When a friend of Ariel McCleary’s took up the ukulele, she was inspired to learn the instrument too, just for fun. To document her progress, she uploaded videos of herself covering various popular songs to YouTube, and soon, what began as a hobby had garnered a surprising amount of traction. In November 2015, she shared a cover of Twenty One Pilots’ “Ride,” which quickly reached a million views and now has over three million.
McCleary’s appeal comes not just from her music but also from her personality. One distinctive feature of her videos is their personable, often silly introductions; she prefaces her “Ride” cover with, “I’m gonna strum this thing, and then my mouth is gonna rap some stuff. Not like Christmas wrapping, but like Eminem rapping. Yeah, I’m just trying to find a clever way to say I’m doing a cover of a song.”
Her 2018 rendition of Camila Cabello’s “Havana,” which now has nearly nine million views, was a request from the students she taught English to in Ourense, Spain. She moved to Madrid soon after and still lives there, but music has become her full-time job. “Covering other people’s songs taught me a lot about song structures and how chord progressions work, and along the way, I wanted to write my own music,” she says.
Last year, she released her first single, “One-Way Signs,” which describes the thrill and chaos of traveling and living abroad. One-Way Signs is also the title of her first EP, which came out in January and incorporates influences ranging from pop to British rock to bossa nova.
McCleary’s first official music video, released today, is a lyric video for “Sheep,” a track from her EP criticizing social media culture. The idea for the song came to her when she was scrolling through Instagram and saw a people posting the same photos about their monotonous lives repeatedly.
“A lot of people are too caught in their comfort zones, and they post the same things and kind of follow each other and don’t really step out of their comfort zones,” she says. “And I thought, ‘I could never live like that,’ and I wanted to continue challenging myself. And everyone’s a follower — I’m of course a follower too in some cases — but I try to not get stuck and try to travel and have an adventurous lifestyle.”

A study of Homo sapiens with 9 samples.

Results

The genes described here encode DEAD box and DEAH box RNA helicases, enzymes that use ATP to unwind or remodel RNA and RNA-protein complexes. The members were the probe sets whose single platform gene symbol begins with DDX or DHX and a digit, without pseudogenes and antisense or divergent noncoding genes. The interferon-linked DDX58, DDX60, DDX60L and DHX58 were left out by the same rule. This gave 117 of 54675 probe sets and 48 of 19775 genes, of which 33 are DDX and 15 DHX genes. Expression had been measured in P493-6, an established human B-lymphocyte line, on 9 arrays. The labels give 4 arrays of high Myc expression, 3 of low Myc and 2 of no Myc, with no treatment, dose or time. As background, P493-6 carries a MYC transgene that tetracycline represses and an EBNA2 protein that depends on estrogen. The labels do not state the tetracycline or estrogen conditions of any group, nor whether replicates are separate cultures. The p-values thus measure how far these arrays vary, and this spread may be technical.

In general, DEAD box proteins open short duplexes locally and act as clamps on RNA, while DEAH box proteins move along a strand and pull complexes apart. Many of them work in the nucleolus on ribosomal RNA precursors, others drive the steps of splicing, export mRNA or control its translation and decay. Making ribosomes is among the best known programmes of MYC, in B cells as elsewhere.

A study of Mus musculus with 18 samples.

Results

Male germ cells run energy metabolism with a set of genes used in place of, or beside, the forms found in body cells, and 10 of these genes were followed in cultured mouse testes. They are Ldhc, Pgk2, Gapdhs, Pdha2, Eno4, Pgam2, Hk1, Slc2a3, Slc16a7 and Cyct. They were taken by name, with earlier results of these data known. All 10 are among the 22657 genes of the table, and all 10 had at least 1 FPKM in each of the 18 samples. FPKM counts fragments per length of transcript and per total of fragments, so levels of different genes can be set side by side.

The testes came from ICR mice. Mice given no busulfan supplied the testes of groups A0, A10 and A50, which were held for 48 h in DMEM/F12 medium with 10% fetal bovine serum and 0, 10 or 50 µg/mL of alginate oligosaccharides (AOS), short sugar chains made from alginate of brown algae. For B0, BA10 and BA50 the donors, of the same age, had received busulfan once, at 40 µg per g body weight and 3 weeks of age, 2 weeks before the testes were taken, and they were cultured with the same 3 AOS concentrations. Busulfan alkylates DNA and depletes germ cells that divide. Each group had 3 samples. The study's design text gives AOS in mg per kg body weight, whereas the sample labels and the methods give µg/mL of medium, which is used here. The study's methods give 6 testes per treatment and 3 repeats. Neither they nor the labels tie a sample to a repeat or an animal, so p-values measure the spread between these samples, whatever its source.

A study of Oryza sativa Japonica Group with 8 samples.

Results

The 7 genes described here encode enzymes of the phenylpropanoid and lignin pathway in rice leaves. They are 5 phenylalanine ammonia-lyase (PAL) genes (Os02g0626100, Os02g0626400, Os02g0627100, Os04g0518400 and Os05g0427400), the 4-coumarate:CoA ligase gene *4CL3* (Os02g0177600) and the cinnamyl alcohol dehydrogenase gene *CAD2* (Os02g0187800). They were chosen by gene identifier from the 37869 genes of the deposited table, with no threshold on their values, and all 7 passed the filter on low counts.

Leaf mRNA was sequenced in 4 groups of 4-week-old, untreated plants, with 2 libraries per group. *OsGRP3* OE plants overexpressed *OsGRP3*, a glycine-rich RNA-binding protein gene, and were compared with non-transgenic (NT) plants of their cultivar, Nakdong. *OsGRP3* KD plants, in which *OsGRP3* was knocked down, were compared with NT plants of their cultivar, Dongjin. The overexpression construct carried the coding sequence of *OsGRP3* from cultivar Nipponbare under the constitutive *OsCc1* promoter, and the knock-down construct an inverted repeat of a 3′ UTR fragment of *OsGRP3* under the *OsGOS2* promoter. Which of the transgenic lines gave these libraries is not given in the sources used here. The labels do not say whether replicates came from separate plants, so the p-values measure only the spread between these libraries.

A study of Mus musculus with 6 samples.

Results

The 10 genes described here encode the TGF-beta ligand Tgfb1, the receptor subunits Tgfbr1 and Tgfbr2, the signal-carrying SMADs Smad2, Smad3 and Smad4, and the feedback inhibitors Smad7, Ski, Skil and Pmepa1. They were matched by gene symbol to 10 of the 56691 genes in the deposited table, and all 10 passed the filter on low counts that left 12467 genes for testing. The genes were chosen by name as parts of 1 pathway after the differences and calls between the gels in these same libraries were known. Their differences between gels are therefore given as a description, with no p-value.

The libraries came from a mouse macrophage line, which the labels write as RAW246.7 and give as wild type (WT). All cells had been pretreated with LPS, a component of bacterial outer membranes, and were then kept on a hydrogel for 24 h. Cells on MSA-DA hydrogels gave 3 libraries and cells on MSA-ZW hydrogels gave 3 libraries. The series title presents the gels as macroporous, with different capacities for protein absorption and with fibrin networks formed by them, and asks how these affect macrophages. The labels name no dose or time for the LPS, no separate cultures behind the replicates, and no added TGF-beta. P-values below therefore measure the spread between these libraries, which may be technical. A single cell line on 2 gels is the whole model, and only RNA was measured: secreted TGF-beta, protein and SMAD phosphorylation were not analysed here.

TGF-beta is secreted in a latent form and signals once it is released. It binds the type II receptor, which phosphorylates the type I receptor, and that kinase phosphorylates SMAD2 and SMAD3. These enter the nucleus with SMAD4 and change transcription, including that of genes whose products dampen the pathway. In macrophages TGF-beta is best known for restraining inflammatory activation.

The video is simple but humorous, with the lyrics overlaying footage of actual sheep.
While a lot of McCleary’s success comes from social media, she tries to use it “as a connector instead of a way to preach or a way to show off,” she explains. One way she does this is through her “You, Me, & Tea” videos, where she shares updates from her life.
“Since 2011, I’ve been uploading videos, and as I’ve gotten comfortable talking in front of a camera and to an audience for the past nine years, it’s helped me develop a confidence in knowing that I don’t need to put on an alternate personality and a mask,” she says. “My ‘You, Me, & Tea’ series was formed around that idea of wanting to make a personal connection with my audience members, with each of them. And so, to have me talk about deep topics — about anxiety, about therapy, about how I write music — to talk about it in an honest way, an open way, a cup of tea in my room feels very casual and personal.”
McCleary is about to move back home to Ohio and work on building a music career within the U.S., which will include recording a full-length album and filming a music video. “Now that I’ve grown in Europe, I want to bring it back to America,” she says. Luckily, her online presence will let fans all over the world keep up with her music and her life.